Composer and drummer Susie Ibarra talks about her beginnings as a jazz musician in New York and upcoming performance at the Julien J. Studley Theatre in New Paltz.
One of jazz's most romanticized scenes is that of the solitary saxophonist blowing his battered horn on a New York bridge in the early hours. Based on real events, it comes from the fabled period when the great Sonny Rollins, not wanting to disturb a pregnant neighbor in his Brooklyn tenement, would practice on the Williamsburg Bridge. And now perhaps now it's time to add another iconic image to jazz lore: That of the lone drummer beating her traps along the West Side Highway.
"I lived in the West Village then, so it was close by," recalls Susie Ibarra about her early days as a musician in New York. "I actually was fortunate enough to be able to practice in my apartment, but it was so beautiful by the Hudson River and it was nice to be able to play outside. So I'd take my drums over there and set up. If the weather was bad, I had a compact kit that I'd bring to the subway and play down there. Sometimes I was playing four or five shows a week on top of that, so I was really playing a lot."
Playing a lot is exactly what Ibarra, an adventurous contemporary composer and one of today's leading free jazz drummers, has seemingly been doing nonstop since she appeared on the New York scene at the dawn of the 1990s. With her storming style, she first seized the attention of many avant-garde aficionados as a member of the pivotal David S. Ware Quartet and Matthew Shipp Trio and has performed with John Zorn, Pauline Oliveros, Marc Ribot, Dave Douglas, Derek Bailey, Thurston Moore, Arto Lindsay, Yo La Tengo, and others in addition to leading her own bands. Named "Best Percussionist" in numerous Downbeat critics' and readers' polls and regularly featured on the covers of drum magazines, Ibarra, the recipient of a 2010 TED fellowship, continues to receive key commissions and has performed her works at Carnegie Hall, the Smithsonian Institution, the Kennedy Center, Lincoln Center, the Museum of Modern Art, and other internationally prestigious venues and events. "I was lucky to grow up in an environment where I got to experience a lot of music and didn't have to move around a lot," she says. "Music is definitely a gift."
The gift arrived at a very young age. Born in California to a pair of music-loving Filipino-American physicians, Ibarra, 47, started piano lessons when she was four, the same year her family moved to Houston, Texas. "My older siblings had records, so a lot of the first music I heard was through them," she recalls. "I remember being really drawn to Michael Jackson's [1979 album] Off the Wall when I was little, because of the rhythms." Although she played organ in the family church and sang in the choir there and in school, the regional styles grabbed her hard as well. "I heard a lot of blues music in Houston, which was really interesting, filtered through experiences of the Filipino-American community there," Ibarra says. "Then, around the time I was in my early teens, I saw a zydeco band at an outdoor concert and I was really focused on the drummer. I said, 'I wanna do that.' It was innate."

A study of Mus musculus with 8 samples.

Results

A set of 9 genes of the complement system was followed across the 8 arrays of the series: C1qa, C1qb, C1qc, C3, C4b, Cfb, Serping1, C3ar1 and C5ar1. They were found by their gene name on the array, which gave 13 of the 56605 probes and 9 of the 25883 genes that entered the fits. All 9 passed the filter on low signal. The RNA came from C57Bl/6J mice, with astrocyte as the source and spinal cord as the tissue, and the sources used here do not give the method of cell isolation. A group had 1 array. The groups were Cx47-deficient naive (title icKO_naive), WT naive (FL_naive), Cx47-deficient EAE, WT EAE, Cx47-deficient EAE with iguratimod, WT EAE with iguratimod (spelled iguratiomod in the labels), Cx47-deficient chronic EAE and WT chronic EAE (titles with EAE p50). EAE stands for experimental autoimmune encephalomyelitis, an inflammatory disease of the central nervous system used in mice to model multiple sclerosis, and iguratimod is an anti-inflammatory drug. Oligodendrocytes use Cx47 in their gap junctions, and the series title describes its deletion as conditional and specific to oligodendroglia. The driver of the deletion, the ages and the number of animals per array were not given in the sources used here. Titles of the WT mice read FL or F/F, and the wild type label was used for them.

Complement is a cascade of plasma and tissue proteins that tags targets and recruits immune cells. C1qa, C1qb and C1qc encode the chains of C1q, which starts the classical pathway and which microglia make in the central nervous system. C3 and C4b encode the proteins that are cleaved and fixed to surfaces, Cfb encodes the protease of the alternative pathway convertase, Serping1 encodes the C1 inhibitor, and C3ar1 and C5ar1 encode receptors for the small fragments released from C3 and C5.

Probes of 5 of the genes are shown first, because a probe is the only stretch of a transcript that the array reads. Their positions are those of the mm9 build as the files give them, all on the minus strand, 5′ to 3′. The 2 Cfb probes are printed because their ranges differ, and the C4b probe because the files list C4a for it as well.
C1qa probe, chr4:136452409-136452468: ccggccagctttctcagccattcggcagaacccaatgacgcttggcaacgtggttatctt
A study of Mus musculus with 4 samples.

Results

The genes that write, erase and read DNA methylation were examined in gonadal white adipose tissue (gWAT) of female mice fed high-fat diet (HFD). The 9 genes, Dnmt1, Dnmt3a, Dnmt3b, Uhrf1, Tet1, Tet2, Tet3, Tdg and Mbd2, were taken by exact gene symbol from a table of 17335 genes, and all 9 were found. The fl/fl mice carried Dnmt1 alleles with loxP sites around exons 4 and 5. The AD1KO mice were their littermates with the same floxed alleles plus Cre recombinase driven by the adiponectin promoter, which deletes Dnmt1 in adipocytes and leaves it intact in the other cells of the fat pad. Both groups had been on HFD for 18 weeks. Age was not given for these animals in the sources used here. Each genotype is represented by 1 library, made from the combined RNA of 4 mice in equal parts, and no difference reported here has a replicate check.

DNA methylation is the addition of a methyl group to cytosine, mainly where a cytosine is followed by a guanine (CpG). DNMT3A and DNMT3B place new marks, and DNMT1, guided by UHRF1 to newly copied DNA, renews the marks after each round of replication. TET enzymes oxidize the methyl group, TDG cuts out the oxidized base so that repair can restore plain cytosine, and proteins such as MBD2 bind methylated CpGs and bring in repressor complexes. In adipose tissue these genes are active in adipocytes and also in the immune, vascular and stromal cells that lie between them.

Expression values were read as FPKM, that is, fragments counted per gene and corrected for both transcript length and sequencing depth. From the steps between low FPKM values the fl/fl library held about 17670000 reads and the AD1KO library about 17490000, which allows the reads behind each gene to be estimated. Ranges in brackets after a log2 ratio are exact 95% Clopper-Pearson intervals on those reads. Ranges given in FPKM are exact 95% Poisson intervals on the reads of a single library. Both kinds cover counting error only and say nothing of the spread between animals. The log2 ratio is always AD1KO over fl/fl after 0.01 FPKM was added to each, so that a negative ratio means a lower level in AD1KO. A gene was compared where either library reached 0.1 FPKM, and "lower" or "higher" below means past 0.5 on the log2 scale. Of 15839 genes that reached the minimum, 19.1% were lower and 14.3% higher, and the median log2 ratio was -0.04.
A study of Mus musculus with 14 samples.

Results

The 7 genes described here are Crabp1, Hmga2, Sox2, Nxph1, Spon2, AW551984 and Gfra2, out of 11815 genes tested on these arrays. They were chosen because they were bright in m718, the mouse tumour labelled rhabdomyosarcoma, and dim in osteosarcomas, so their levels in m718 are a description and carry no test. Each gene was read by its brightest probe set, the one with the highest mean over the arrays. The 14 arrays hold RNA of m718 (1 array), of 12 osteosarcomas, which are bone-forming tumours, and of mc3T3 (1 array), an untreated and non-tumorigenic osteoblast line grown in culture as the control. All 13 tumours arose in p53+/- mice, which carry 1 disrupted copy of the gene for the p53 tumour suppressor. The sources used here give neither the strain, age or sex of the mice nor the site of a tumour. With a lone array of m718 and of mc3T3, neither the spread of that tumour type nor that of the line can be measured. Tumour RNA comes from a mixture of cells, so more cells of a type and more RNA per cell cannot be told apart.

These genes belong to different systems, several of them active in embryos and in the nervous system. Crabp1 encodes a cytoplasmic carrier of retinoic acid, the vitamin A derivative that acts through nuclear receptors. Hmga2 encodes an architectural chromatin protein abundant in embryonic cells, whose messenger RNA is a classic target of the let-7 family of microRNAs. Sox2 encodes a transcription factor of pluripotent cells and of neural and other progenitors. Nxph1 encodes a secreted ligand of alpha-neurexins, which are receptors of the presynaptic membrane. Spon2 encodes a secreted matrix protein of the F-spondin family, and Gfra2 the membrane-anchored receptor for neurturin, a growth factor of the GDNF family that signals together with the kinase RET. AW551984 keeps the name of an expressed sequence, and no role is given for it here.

She got her first set of drums in high school and began playing in a punk band with classmates. "I had drums and I could keep a beat, so they asked me to be in the band," she says, adding, "I wasn't allowed to play shows on school nights, though." The big bomb, however, was her discovery of a local jazz radio station, where she fell in love with the classics. "I remember hearing [Thelonious Monk's] 'Monk's Dream' and just being, 'Wow, what is this?'" Ibarra recounts. "They played a lot of big band music, too, like Count Basie and Frank Sinatra. That's also where I first heard Sun Ra—his version of 'Pink Elephants on Parade,' from the Walt Disney Dumbo cartoon, which was a piece I really loved."
And it would be seeing Sun Ra live at New York club Sweet Basil in 1989, while she was studying language and visual art at Sarah Lawrence College, that would most inspire Ibarra to become a jazz musician herself. Amid switching to the New School's Mannes College of Music and then to Goddard College, from where she received her B.A. in music, Ibarra studied with Sun Ra saxophonist Earl "Buster" Smith and the influential drummers Milford Graves, Vernel Fournier, and Dennis Charles, eventually performing a weekly residency and recording an album with the latter. By the mid-'90s she was regularly making her way Downtown to startle the scene from behind the kit in bassist William Parker's Little Huey Creative Orchestra at venues like CBGB's Gallery. In 1996, when Whit Dickey vacated the drum stool of saxophonist David S. Ware's quartet, with whom Parker also performed, Ibarra's highly physical style made her the perfect percussive match for the leader's fiery attack.